RCR name change: What is the philosophy of Ekatma?

The central aspect of Ekatma is that humanity consists of huge diversity, but all of it is united by a common 'atma’ or soul.

Written by Adrija Roychowdhury | New Delhi | Published:September 21, 2016 4:09 pm
Race course road, Ekatma Marg, ekatma, RCR, 7 RCR, prime minister's residence, deendayal upadhyay, deen dayal upadhyay, deendayal upadhyay philosophy, ekatma philosophy, what is ekatma, meenakshi lekhi, indian express Near 7 RCR, the residence of the Prime Minister. (Express Archive)

Central Delhi’s premium neighbourhood of Race Course Road (RCR), which houses the Prime Minister’s residence, might soon undergo a change of name with Delhi BJP MP Meenakshi Lekhi proposing its rechristening as ‘Ekatma Marg’, based on the ideology of party ideologue Deendayal Upadhyay.

“There are two aspects to this proposal. Firstly, the name conveys a feeling of disassociation and it can’t be the inspiration for any PM. Secondly, we are celebrating the anniversary of Deendayal Upadhyaya and the new name is proposed as a tribute to his preachings,” said Lekhi.


The concept of Ekatma

The central aspect of Ekatma is that humanity consists of huge diversity, but all of it is united by a common ‘atma’ or soul. Due to the commonality of soul, all differences get nullified and every interest or activity of human beings are complementary to each other.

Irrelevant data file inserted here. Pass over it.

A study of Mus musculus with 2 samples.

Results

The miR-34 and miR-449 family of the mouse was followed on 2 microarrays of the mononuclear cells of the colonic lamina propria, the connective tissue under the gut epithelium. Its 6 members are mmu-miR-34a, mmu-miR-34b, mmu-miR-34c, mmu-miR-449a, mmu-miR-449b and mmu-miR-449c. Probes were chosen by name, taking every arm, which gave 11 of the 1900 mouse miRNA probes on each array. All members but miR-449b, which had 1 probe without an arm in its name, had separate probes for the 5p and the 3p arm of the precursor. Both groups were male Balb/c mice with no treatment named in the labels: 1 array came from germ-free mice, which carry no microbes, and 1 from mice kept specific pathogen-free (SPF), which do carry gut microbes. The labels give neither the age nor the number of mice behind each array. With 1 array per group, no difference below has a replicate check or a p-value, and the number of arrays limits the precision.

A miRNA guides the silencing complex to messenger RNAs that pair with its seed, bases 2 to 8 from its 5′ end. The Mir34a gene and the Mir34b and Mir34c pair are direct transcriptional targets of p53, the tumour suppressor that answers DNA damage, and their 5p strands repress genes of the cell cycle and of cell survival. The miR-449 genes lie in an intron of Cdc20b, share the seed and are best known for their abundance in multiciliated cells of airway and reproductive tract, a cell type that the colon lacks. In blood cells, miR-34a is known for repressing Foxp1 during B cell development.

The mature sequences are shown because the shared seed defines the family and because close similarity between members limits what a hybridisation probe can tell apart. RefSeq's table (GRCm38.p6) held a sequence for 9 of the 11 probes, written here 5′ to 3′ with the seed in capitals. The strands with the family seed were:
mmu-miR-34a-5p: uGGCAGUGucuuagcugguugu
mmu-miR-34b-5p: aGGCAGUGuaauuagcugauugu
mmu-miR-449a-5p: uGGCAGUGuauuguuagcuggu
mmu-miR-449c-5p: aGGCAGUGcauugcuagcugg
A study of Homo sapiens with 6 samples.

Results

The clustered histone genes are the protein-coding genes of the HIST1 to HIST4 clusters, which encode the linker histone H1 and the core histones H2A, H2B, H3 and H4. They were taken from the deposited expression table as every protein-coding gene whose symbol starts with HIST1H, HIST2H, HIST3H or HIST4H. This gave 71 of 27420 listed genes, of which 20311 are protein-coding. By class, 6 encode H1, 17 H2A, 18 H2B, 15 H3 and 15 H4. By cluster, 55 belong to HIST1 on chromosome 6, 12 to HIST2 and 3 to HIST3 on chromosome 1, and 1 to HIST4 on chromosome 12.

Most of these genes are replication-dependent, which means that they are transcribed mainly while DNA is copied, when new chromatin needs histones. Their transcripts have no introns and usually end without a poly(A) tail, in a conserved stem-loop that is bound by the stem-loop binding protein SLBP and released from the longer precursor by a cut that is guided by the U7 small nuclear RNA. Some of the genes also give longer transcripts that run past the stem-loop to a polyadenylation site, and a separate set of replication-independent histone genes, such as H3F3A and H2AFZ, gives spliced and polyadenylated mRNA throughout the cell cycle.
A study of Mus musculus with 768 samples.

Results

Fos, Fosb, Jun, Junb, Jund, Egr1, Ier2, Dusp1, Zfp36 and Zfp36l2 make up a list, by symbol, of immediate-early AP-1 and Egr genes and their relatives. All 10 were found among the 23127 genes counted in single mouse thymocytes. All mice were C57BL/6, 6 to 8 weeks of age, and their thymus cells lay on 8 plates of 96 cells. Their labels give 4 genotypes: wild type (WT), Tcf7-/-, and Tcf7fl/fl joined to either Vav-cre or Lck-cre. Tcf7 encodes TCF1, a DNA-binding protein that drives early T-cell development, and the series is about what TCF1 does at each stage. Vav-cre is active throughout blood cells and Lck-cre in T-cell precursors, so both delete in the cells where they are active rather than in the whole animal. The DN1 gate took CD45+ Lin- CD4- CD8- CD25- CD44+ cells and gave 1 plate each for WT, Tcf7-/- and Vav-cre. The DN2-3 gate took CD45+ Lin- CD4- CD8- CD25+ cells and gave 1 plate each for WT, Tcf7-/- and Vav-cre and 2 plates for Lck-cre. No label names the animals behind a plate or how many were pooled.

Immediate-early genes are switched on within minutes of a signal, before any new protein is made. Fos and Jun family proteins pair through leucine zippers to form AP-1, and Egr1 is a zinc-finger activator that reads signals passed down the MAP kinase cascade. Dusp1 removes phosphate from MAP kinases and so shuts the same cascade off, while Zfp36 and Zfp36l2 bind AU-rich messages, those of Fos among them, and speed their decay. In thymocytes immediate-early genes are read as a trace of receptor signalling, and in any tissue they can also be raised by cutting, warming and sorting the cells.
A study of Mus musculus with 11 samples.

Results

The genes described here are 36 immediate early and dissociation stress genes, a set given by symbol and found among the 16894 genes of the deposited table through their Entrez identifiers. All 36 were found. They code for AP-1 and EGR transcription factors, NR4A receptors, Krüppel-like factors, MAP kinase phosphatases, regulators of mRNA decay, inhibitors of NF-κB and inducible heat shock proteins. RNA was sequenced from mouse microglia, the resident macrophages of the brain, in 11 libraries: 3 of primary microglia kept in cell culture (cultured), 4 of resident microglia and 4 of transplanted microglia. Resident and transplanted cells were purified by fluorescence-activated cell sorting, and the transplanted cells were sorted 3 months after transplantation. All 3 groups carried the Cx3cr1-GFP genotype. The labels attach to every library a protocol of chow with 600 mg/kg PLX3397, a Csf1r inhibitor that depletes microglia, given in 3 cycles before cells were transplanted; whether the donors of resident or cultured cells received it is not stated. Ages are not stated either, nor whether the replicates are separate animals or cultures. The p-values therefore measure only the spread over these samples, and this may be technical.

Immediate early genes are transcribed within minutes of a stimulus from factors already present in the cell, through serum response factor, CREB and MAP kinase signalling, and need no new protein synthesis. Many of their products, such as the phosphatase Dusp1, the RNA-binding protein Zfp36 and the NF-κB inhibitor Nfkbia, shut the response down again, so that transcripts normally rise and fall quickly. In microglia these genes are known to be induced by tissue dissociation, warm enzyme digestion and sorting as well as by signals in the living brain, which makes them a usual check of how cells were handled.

According to Upadhyay, every individual has to fulfil four objectives for oneself- dharma (moral duties), artha (wealth), kama (desires) and moksha (liberation). The well being of any individual depends upon the personal fulfillment of each one of these objectives.

However, since the individual and society have a common soul, the fulfillment of the personal objectives would complement the well being of society at large. It is only when an individual thinks and acts keeping his interests as part of society’s interests can there be any common good. The ideal human being according to the philosophy of ‘ekatma’ is one who thinks beyond the goodness of the individual, family and nation and considers the common good of all of humanity.

The adoption of Ekatma

Pundit Deendayal Upadhyay took the leadership of the Bhartiya Jana Sangh in 1951 and under his authority, the party became the second largest in India at the time. Apart from being an astute politician, he was particularly known for his achievements in political thinking.


The philosophy of ‘Ekatma’ was first proposed by Upadhyay in the all India representatives’ conference of Jan Sangh, held in January 1965 at Vijayawada. Since then, it had become the adopted ideology of the party.

In his first lecture, explaining the philosophy of ‘Ekatma’, he said that “really speaking, every nation should think of its own ethos. Freedom without it has no meaning. Every nation wants to live a happy and prosperous life according to its own nature and that is the motive behind its intense desire for freedom.”

Upadhyay’s philosophy of ‘Ekatma’ formed a middle ground between western capitalism and Marxism; and was mooted as a concept that took into account the merits of both philosophies and complemented it with values that were considered indigenous.